Ice Skates Circa 1900
Within the archives of the Corning-Painted Post Historical Society is a great number of shoes. One pair, quite unlike any other, are adjustable metal ice skates with leather straps.
Ice skating has been around for thousands of years, possibly originating in Finland 4000 years ago. At that time, the blades were made of wood and the skates were used as a form of travel to easily pass the large frozen lakes in that region.
Ice skates with metal blades were invented by the Dutch in the 13th century and spent the next few hundred years gaining popularity all around Europe. The first official ice skating club was founded in Scotland in the 1700's and soon another was created in London as a competitor. As the two clubs gained in popularity, ice skates soon made their way to the American colonies.
It became very popular in cities, most notably New York City, but took longer to catch on in other places. The Corning-Painted Post region was exceedingly rural until the late 1800's, when it industrialized rapidly. Because of this most adults worked long hours from sun up to sun down either on a farm or in a factory with no time for leisure activities.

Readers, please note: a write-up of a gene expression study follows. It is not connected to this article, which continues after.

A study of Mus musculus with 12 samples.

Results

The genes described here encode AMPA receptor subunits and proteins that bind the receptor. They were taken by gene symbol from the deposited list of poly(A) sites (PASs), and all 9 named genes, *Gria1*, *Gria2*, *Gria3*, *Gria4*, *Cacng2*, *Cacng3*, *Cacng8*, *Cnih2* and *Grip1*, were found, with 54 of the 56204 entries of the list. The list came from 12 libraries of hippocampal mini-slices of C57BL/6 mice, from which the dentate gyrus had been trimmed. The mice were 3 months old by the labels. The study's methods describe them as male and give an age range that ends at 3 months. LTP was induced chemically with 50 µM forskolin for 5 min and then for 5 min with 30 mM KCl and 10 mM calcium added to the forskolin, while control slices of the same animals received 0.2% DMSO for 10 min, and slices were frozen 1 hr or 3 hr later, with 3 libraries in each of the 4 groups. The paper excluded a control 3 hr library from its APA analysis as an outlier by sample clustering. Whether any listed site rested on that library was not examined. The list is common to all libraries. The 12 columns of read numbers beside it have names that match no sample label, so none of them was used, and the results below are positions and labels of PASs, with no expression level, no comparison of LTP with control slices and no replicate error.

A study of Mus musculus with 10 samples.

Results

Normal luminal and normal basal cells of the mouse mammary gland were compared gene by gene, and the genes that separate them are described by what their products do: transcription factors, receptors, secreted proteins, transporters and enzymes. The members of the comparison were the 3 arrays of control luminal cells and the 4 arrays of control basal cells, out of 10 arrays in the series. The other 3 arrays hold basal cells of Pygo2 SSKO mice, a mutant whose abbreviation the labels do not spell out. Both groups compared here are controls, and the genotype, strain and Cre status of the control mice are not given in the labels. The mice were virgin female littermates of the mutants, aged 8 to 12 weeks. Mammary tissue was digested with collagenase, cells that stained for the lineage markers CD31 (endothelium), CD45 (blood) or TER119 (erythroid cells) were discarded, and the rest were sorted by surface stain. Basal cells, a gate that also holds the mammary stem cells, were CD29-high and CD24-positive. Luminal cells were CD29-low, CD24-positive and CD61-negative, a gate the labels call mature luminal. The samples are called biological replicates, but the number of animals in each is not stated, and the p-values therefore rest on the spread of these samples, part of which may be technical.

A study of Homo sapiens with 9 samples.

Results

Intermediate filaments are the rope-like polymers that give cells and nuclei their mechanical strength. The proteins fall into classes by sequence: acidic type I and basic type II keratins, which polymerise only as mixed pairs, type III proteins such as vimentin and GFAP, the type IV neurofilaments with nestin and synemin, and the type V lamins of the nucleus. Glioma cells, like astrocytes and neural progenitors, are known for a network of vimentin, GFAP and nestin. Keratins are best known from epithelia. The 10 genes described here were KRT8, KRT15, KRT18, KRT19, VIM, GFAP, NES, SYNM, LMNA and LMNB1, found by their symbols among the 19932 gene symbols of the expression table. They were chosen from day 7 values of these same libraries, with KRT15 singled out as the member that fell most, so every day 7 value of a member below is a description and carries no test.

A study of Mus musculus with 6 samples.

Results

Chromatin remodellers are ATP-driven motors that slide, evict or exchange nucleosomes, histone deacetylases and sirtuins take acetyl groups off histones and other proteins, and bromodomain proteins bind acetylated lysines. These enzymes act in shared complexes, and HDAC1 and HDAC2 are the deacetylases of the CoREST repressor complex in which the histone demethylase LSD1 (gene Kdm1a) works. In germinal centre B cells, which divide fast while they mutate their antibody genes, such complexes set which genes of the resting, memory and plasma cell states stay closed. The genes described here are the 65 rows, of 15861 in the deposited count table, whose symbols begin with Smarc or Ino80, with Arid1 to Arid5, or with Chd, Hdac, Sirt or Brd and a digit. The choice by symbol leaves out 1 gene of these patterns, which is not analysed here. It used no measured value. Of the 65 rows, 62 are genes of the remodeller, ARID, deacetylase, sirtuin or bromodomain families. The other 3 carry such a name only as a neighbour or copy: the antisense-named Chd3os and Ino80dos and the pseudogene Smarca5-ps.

Most of the time children would have been the only ones who could go ice skating. This is
why adjustable ice skates (pictured above) were more popular than other forms in this region. These skates were not worn like skates today; they would have been strapped under a boot, not worn as a shoe itself. A family could buy one pair of ice skates that all of the children could share and the skate could be adjusted to fit around the various shoe sizes.
Of course there are inherent safety risks with these activities, both because of the construction of the skates and places the children would have been skating. With no ice skating rinks available, the children would have been skating on lakes and rivers. If they were not careful they could fall through the ice and get trapped underneath. The skates themselves could easily become loose or slide apart in the middle due to their adjustable nature, which could lead to broken feet or ankles.
None of these facts dissuaded children from using them however, and as they continued to
grow in popularity, young men and women began taking up the sport as well. It was very popular among young couples as it was considered an activity that unmarried men and
women could do together unchaperoned. As some women grew more adept at skating, safer forms of figure skates (pictured right) were developed to help young skaters who wanted to do more difficult stunts. Ice skates have continued to advance, but after this point the outwards design remains mostly unchanged.
If you would like to learn more, materials in the archive at the Corning-Painted Post Historical Society can be made available by appointment. If you wish to see or donate to our archival collections please call 607-937-5281.